Tuesday, 28 December 2010

Antennas or imaging array?

Via last week's New Scientist magazine I came across an interesting announcement from Idaho National Laboratory, which is part of the US Department of Energy. Researchers there, at Microcontinuum in Cambridge (Mass) and Patrick Pinhero of the University of Missouri have been working on an alternative way of gathering solar energy using minute antennas rather than solar cells.

They have produced an array of what they call nanoantennas which are tuned to infrared radiation and, as antennas do, resonate and pass the energy into electrical circuits. So far they have a six-inch circular 'stamp' that can emboss a plastic substrate which can then be coated with metal. The six-inch stamp can produce an array of ten million antennas. So far they are only able to produce arrays small enough to match infrared wavelengths but they plan to go finer and so reach visible wavelengths. One problem is how to handle the energy from the resonating antennas, since this is at light-like frequencies (a few hundred teraHerz) and rather beyond your average radio set!

Why is this of interest to us? Let's follow this through logically and refer to that six-inch stamp as a ten megapixel array and you see what I'm thinking. Could a tuned array of nanoantennas be an alternative way of making an image sensor? Ironically it is easier to make such an array for far infrared wavelengths than for visible light; so this might be a way of producing an inexpensive thermal imaging sensor. The down side is that (I assume) the energy arrays collect energy in serial or parallel and don't give access to individual 'pixel' antennas. For thermal wavelengths there is also the problem of ambient radiation: this is something they wish to capture for a solar array but it would contaminate an image. However, hopefully the former is a question of nano-engineering and the latter is already a problem with some existing kinds of thermal camera so we know how to address it (by cooling the sensor).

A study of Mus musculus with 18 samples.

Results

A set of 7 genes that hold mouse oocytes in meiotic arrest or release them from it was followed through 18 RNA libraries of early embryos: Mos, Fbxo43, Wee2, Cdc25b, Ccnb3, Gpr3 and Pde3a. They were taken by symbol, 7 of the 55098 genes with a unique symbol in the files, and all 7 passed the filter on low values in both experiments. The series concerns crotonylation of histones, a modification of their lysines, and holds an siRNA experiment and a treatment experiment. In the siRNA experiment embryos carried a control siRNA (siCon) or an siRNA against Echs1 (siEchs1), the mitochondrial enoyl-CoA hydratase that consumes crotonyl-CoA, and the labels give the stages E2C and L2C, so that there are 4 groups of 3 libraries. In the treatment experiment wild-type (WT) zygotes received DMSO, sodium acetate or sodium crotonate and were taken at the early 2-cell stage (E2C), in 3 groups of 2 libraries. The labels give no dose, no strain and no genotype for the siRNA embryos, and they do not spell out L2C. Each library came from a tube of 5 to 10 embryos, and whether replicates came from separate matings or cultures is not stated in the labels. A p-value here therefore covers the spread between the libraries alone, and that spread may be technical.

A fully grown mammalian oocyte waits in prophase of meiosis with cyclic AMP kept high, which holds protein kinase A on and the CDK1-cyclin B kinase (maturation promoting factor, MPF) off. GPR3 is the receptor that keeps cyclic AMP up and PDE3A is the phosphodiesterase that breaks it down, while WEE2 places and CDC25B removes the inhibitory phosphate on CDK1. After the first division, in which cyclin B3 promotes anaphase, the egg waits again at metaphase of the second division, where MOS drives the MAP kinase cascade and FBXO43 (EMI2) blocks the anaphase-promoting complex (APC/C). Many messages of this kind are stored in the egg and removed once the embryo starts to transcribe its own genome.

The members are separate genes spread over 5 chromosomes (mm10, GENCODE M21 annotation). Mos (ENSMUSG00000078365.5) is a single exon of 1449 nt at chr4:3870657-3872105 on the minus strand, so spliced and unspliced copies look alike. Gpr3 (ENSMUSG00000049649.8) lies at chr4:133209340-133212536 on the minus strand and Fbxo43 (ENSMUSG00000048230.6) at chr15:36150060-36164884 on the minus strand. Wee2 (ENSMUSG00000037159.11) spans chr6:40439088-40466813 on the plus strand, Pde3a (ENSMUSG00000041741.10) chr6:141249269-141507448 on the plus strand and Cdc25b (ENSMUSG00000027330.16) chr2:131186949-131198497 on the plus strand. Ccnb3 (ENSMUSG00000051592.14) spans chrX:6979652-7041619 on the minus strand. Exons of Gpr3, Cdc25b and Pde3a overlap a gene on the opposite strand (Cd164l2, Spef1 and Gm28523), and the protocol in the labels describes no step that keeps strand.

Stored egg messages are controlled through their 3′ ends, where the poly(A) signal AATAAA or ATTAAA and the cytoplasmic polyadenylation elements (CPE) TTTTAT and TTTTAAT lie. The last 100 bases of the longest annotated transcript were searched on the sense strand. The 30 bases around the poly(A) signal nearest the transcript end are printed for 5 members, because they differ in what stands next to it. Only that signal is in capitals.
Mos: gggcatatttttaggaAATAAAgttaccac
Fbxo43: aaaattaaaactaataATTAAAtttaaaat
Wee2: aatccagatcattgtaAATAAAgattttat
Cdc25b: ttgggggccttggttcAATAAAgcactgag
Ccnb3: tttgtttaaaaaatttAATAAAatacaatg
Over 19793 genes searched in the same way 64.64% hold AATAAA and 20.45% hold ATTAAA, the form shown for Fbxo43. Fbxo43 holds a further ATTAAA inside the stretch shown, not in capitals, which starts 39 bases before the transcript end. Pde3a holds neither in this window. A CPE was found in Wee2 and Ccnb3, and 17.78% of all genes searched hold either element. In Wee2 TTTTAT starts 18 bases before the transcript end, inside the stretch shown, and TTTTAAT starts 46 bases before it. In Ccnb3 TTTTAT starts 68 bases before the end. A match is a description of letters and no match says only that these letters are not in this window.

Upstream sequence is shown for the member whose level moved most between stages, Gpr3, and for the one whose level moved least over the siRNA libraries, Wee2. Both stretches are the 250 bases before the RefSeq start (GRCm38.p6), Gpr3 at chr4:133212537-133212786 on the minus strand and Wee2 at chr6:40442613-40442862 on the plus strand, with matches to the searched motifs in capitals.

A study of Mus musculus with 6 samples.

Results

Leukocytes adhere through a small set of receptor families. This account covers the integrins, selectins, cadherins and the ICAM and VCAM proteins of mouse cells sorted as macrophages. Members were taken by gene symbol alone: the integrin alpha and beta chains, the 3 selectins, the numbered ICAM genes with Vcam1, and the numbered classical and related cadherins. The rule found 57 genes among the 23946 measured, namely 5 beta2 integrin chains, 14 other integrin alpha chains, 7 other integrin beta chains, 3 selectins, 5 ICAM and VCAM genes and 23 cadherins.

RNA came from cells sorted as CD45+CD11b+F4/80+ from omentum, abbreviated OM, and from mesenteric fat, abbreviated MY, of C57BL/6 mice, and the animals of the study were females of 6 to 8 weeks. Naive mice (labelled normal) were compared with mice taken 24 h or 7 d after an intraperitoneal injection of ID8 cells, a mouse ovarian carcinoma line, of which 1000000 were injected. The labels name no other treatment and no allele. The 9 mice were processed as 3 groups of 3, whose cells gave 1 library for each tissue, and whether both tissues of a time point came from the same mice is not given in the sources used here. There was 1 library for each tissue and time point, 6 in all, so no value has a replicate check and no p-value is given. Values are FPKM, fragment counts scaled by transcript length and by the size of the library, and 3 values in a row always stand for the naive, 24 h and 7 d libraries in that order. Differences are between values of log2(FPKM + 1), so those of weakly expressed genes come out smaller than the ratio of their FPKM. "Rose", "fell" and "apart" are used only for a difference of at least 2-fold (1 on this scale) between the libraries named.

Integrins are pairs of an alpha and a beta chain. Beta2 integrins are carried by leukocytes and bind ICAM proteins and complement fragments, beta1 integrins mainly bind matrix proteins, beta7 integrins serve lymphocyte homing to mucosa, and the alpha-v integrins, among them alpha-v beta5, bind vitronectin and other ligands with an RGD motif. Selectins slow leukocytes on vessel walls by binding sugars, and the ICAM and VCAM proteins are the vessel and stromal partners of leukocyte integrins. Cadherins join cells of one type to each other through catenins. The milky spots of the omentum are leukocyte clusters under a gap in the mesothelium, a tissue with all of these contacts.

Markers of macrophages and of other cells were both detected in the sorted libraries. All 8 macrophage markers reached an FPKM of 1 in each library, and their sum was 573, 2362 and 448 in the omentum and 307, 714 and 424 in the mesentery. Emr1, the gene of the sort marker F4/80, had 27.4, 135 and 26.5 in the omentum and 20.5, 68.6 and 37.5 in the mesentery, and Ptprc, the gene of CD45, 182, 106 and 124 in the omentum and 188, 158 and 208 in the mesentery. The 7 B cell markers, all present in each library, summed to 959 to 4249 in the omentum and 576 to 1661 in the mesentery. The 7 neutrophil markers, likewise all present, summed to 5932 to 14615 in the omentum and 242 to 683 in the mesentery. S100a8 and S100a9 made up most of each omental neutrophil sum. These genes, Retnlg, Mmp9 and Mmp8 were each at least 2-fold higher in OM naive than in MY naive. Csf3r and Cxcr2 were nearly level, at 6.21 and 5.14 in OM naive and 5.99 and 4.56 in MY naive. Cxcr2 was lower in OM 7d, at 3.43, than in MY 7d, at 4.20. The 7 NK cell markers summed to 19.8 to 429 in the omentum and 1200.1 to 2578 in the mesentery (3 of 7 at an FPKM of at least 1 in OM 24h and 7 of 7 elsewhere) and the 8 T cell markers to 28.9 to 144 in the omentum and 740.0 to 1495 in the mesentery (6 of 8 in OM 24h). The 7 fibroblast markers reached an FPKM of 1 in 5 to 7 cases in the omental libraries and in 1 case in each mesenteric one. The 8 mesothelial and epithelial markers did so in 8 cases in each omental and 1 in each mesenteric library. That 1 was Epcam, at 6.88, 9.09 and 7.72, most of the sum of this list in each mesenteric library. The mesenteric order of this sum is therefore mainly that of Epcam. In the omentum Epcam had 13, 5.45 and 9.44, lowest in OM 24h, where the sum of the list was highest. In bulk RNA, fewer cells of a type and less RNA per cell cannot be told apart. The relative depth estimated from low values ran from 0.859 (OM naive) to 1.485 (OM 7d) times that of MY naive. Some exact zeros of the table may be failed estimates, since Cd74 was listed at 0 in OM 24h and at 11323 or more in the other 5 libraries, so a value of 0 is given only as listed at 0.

Using antennas for imaging has some advantages. To filter wavelengths you simply adjust the size of the antenna to match whichever wavelength you wish to receive. It might even be possible to do this dynamically. The antennas may be inherently polarised as well, which would have interesting applications. They might even be more efficient in harvesting the light energy since the researchers estimate the efficiency as being close to 80% and perhaps you could even make miniature Yagis for more gain. And the cost? "As cheap as inexpensive carpet" says the report. The INL report is actually from 2008 although New Scientist reported some more recent developments.

For over 150 years we have relied on energetic photons changing chemical or electronic structures for our imaging: the idea of tuning in to the energy directly is an interesting alternative. Perhaps the biggest barrier to use as an imaging sensor is scale. Don't forget that ten megapixel array was six inches across. It'd be ironic if a large format view camera was needed to use it.

[Later: It was pointed out to me that the plural of antenna is antennas if it's radio and antennae if it's insects. YLSED!]